Commentary: Lawmakers should consider the impact of no teacher assistants and the effect of vouchers

Commentary: Lawmakers should consider the impact of no teacher assistants and the effect of vouchers
August 20
00:00 2015

In above photo: Ronda J. Gordon (center holding microphone) speaking at a rally for teacher assistants. (File photo)

Ronda J. Gordon, Guest Columnist

As a school social worker, my goal is to make sure that each child I come in contact with has an opportunity to graduate and is ready for college or a career. Each day that I walk into schools, my focus is on everything and everyone who impacts a child’s opportunity for success.

Education serves as the great equalizer and the foundation on which success is built. Unfortunately, in North Carolina, that foundation is crumbling and the future of our students is in jeopardy. It is the right of every child in this state to have a sound, basic education, but without adequate funding and resources, they are being set up for failure.

Our lawmakers, as they work to finalize a budget, need to strongly consider the impact of two very important components – how schools will function without teacher assistants and the effect opportunity scholarships will have on the educational system as a whole.

Contrary to what some may think, our teacher assistants are a vital part of the school community. They not only provide one-on-on instructional time for students who need it, but they perform various screenings and assessments with students, which assist teachers with classroom instruction. These highly qualified professionals, many of whom live in the communities in which they work, are part of a school’s educational team and are committed to inspiring students’ natural curiosity, imagination, and desire to learn. Many of them not only serve in the classroom, also on the school buses and are responsible for safely transporting our children to and from school!

Now for a discussion on opportunity scholarships. The N.C. Supreme Court has ruled that public money can be used for private schools, despite what the N.C. Constitution states. To add injury to insult, those on Jones Street are proposing additional funding to ramp up this process.

As a public school employee, I witness firsthand the great things that are happening in the schools in my district and that students – regardless of their ZIP code, economic status or educational level – are thriving. Public schools, unlike private institutions, open their doors to ALL students. Public schools are held to rigorous standards. Educators must be certified, and assessments have been put in place to ensure students are on grade level. These state-mandated requirements and accountability measures unfortunately do not apply to private schools.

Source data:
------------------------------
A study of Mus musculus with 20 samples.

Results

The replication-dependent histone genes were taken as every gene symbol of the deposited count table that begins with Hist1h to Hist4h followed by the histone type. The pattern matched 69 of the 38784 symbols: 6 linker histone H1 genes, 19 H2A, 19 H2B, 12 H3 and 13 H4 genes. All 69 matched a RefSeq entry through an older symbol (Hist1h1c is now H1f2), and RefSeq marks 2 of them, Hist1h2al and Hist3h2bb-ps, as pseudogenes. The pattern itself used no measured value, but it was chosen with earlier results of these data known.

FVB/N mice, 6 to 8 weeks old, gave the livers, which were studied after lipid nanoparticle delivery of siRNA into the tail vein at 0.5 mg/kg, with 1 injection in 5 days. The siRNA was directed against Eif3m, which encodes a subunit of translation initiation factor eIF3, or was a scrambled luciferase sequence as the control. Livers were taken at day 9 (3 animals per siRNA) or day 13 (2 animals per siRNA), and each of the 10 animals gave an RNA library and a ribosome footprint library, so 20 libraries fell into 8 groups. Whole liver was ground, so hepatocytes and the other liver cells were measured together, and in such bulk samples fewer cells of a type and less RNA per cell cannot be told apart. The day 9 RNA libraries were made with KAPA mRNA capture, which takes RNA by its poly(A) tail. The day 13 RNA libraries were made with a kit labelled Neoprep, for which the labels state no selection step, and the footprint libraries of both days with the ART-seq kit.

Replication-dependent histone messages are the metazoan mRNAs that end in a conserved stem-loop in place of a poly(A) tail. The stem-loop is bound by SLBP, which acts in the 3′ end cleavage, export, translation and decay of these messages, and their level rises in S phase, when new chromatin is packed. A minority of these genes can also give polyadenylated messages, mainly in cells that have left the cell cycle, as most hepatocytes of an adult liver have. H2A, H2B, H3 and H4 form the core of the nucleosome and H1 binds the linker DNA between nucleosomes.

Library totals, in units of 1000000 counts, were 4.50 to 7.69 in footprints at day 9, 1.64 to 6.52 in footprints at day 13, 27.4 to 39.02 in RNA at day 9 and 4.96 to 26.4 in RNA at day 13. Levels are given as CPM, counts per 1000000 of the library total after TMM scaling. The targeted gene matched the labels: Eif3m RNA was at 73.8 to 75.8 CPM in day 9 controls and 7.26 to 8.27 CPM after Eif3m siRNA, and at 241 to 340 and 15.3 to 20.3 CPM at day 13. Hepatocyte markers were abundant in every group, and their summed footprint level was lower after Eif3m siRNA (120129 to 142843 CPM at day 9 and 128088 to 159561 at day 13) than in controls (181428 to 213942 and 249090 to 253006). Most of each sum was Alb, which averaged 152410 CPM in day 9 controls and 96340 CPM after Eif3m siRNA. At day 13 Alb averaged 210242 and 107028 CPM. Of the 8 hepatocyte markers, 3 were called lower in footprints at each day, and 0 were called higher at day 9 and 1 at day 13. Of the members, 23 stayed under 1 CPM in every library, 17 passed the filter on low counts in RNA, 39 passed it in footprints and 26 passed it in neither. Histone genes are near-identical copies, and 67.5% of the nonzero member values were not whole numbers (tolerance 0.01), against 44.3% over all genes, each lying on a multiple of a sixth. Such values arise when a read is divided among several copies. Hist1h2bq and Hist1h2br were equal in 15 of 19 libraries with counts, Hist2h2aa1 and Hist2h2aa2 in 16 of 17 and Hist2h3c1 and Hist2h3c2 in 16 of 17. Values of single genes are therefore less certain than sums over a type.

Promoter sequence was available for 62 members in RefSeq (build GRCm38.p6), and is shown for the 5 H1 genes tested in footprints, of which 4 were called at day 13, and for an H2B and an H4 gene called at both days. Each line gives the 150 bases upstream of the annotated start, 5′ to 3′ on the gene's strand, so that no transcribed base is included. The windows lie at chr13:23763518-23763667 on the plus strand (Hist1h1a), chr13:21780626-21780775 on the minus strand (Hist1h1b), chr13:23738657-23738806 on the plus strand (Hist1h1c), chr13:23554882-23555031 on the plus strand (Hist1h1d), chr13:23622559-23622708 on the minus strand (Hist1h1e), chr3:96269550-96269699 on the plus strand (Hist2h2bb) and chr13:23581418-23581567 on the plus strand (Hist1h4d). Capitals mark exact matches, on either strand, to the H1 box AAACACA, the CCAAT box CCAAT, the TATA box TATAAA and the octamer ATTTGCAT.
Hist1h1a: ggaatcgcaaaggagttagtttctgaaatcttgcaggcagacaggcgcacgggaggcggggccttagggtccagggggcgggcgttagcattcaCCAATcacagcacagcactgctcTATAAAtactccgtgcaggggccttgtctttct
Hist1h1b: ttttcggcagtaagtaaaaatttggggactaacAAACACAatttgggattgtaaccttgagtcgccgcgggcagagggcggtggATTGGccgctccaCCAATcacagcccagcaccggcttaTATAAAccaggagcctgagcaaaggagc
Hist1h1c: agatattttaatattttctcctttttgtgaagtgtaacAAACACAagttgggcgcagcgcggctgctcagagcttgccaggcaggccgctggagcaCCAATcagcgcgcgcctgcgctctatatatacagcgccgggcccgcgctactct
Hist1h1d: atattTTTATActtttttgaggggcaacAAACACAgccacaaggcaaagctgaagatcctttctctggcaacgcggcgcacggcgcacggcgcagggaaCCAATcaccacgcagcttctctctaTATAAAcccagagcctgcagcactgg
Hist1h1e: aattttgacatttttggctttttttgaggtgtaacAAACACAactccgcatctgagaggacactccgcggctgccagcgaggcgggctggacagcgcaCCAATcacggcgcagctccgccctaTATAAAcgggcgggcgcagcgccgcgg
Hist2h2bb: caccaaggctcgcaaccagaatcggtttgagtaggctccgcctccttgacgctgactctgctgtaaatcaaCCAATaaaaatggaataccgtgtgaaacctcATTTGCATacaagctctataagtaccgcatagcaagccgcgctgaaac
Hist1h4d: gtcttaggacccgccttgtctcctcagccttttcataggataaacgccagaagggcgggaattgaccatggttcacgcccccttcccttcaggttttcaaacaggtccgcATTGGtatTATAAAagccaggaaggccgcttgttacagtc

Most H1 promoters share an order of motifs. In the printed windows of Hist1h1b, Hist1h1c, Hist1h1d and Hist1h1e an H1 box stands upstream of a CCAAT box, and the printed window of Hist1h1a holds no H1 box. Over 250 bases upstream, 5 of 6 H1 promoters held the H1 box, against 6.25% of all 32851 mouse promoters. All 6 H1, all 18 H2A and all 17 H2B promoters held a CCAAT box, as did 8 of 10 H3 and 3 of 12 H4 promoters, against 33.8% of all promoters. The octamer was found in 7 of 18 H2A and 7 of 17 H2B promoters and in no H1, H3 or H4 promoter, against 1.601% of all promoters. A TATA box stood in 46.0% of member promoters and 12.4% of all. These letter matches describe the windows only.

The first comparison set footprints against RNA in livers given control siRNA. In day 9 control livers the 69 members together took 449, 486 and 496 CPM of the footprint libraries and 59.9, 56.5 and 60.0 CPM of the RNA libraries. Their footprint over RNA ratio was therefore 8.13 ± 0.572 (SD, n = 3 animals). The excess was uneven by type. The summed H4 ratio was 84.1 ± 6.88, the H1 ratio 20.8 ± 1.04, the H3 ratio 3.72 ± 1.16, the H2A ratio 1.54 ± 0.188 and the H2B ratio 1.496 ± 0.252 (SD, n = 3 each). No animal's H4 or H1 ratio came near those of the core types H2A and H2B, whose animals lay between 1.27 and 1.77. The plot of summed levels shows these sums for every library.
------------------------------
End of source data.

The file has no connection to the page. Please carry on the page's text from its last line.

As I continue to ponder all of this, I often question …Who will be the gatekeeper for private schools? Who will be committed to the success of students? Who will ensure they receive support services like health, nutrition and transportation? Who will ensure that teachers have professional development opportunities and the resources they need? Who is going to hold private schools accountable? Like me, I’m sure many educators find themselves in the same situation I am; without answers.

From my experiences as an educator over the past 15 years, I know that our students deserve a better hand than they are being dealt. North Carolina was once a public education beacon and the light that once shone brightly is fading. It’s time that we all face the music and commit to righting the ship before it sinks, or our children will be the ones who drown without ever having a chance to reach for a life jacket. Saving them is going to have to begin with an education system that is fully funded, provides the proper resources, and recruits and retains education professionals who are adequately trained and compensated. Time is of the essence and we have no more of it to waste!

Ronda J. Gordon is a school social worker with Winston-Salem/Forsyth County Schools, president of the Forsyth County Association of Educators and Student Services Division president of the North Carolina Association of Educators.